Tom Bossert in the White House briefing room. Photo: Mark Wilson / Getty Images

Tom Bossert, White House homeland security advisor, is resigning, the White House confirmed Tuesday.

Context: Bossert's departure isn't the biggest one to hit the White House in recent weeks, but it adds to the accumulated momentum of exits, sense of turmoil, and transition. This is an especially uncertain moment for a White House in flux on multiple counts: policy, personnel, and Trump’s own mood towards the Russia investigation. The president is now seriously flirting with firing Special Counsel Robert Mueller and every new change adds to anxiety levels among current staff.

The White House statement: “The President is grateful for Tom’s commitment to the safety and security of our great country," said Press Secretary Sarah Sanders. "President Trump thanks him for his patriotic service and wishes him well.”

The backstory, per Axios' Jonathan Swan: Senior staff were initially worried about former National Security Advisor Mike Flynn and thought somebody was needed to "keep an eye on him." Bossert was partly brought in to fulfill that role and focus more on domestic terrorist threats — but it never worked out that way as Flynn was gone in a matter of weeks. H.R. McMaster's entrance further essentially stripped Bossert of his terrorism work. Bossert ended up playing an important role on natural disasters, but that was a very different job than what he was brought in to do.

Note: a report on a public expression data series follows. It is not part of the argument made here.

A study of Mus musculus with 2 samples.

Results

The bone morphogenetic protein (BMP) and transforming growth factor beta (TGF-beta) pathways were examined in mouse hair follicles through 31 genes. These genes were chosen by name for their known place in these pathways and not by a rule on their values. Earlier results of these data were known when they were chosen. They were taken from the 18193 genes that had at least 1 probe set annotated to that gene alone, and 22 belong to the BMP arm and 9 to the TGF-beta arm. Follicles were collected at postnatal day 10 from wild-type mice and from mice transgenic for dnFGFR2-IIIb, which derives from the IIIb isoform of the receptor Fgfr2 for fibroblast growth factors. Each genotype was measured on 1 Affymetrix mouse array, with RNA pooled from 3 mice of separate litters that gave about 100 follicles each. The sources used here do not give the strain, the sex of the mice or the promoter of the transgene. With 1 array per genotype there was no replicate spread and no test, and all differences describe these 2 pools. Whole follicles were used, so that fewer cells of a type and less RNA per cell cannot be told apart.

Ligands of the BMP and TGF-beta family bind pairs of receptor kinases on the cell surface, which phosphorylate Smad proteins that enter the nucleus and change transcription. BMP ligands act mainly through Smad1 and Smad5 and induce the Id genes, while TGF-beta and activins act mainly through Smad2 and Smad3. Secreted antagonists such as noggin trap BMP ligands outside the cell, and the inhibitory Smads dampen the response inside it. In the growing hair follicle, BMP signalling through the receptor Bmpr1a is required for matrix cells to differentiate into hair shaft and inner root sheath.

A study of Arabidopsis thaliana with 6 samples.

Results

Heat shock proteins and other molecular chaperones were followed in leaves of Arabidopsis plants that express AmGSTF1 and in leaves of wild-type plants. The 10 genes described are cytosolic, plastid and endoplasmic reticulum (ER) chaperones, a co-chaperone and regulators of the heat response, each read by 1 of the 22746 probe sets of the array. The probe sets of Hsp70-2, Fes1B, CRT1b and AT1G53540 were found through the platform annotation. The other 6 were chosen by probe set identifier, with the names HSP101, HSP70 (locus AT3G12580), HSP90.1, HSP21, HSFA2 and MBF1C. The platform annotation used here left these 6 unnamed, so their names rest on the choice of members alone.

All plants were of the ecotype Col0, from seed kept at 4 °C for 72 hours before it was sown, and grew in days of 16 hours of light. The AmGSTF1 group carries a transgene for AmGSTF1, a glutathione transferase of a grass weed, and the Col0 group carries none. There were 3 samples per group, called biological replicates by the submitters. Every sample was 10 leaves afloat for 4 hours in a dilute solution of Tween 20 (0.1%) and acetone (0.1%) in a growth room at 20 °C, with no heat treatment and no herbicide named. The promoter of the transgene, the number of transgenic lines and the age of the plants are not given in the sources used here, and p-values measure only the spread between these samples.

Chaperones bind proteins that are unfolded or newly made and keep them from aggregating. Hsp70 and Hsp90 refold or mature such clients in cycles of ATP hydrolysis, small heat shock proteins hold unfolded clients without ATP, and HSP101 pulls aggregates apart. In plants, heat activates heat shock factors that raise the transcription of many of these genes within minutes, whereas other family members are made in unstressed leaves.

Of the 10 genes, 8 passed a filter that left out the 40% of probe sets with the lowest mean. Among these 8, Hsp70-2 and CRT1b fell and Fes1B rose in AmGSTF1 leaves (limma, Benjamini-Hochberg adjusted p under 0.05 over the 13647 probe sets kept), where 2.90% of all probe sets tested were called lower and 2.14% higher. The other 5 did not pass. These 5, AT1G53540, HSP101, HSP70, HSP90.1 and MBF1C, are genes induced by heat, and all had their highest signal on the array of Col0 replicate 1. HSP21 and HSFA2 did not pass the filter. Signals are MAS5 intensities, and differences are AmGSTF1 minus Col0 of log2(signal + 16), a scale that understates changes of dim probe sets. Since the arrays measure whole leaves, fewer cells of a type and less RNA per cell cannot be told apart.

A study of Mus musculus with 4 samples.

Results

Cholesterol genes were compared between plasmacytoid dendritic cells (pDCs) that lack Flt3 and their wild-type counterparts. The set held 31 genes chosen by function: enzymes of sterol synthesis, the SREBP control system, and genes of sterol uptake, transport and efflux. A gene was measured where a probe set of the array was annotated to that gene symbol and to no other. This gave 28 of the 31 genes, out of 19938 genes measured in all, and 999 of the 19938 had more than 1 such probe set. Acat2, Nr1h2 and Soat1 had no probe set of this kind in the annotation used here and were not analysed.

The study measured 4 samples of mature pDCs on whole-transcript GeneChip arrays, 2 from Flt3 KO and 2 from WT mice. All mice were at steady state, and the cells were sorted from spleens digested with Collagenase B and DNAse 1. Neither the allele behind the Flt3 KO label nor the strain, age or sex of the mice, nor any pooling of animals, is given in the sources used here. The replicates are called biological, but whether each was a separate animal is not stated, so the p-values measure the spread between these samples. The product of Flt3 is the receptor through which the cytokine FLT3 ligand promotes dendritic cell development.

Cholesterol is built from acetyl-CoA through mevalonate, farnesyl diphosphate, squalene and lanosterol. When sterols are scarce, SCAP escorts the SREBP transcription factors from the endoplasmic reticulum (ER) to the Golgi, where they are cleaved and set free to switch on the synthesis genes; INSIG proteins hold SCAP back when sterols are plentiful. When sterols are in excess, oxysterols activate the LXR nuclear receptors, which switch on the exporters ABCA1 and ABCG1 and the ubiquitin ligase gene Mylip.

• Bossert also didn't have much of a relationship with the president until last summer's hurricanes — on which he briefed Trump. POTUS thought he did a good job and, for the most part, was good on TV, but Bossert wasn't a staffer who spent a lot of time in the Oval Office. 

A source who's worked with Bossert in the White House tells Swan: "His primary role ended up being the point person responding to the natural disasters, of which there were many. He invested a lot of time, effort and energy in that."

  • "[W]hen McMaster came in he essentially took away [Bossert's] counter-terrorism portfolio. He never lost the title but in reality he was frustrated with the fact that whole half of his portfolio got taken away."
  • Bossert also tried to lead efforts on cyber security, which never fully came to fruition, thanks to a huge interagency process.


Why it matters: He was arrested under the new national security law that gives Beijing more powers over the former British colony. Lai is the most prominent person arrested under the law — which prompted the U.S. to sanction Chinese officials, including Hong Kong leader Carrie Lam, over Beijing's efforts to strip the territory of its autonomy.


Illustration: Sarah Grillo/Axios

  1. Global: Total confirmed cases as of 1:30 a.m. ET: 19,861,683 — Total deaths: 731,326 — Total recoveries — 12,115,825Map.
  2. U.S.: Total confirmed cases as of 1:30 a.m. ET: 5,044,864 — Total deaths: 162,938 — Total recoveries: 1,656,864 — Total tests: 61,792,571Map.
  5. Public health: Ex-FDA head: U.S. will "definitely" see 200,000 to 300,000 virus deaths by end of 2020. 
  6. Schools: 97,000 children test positive for coronavirus in two weeks — Nine test positive at Georgia school where photo showing packed hallway went viral .

97,000 children test positive for coronavirus in two weeks

A boy has his temperature checked as he receives a free COVID-19 test in South Los Angeles in July. Photo: Mario Tama/Getty Images

At least 97,000 children tested positive for COVID-19 in the final two weeks of July and there's been an estimated 338,000 cases involving kids in the U.S. since the pandemic began, a new report finds.

Why it matters: The findings in the report by the American Academy of Pediatrics and the Children’s Hospital Association comes as schools and day cares look to reopen in the U.S., with New York Gov. Andrew Cuomo (D) announcing Friday that school districts in the state can reopen in the fall amid lower coronavirus transmission rates.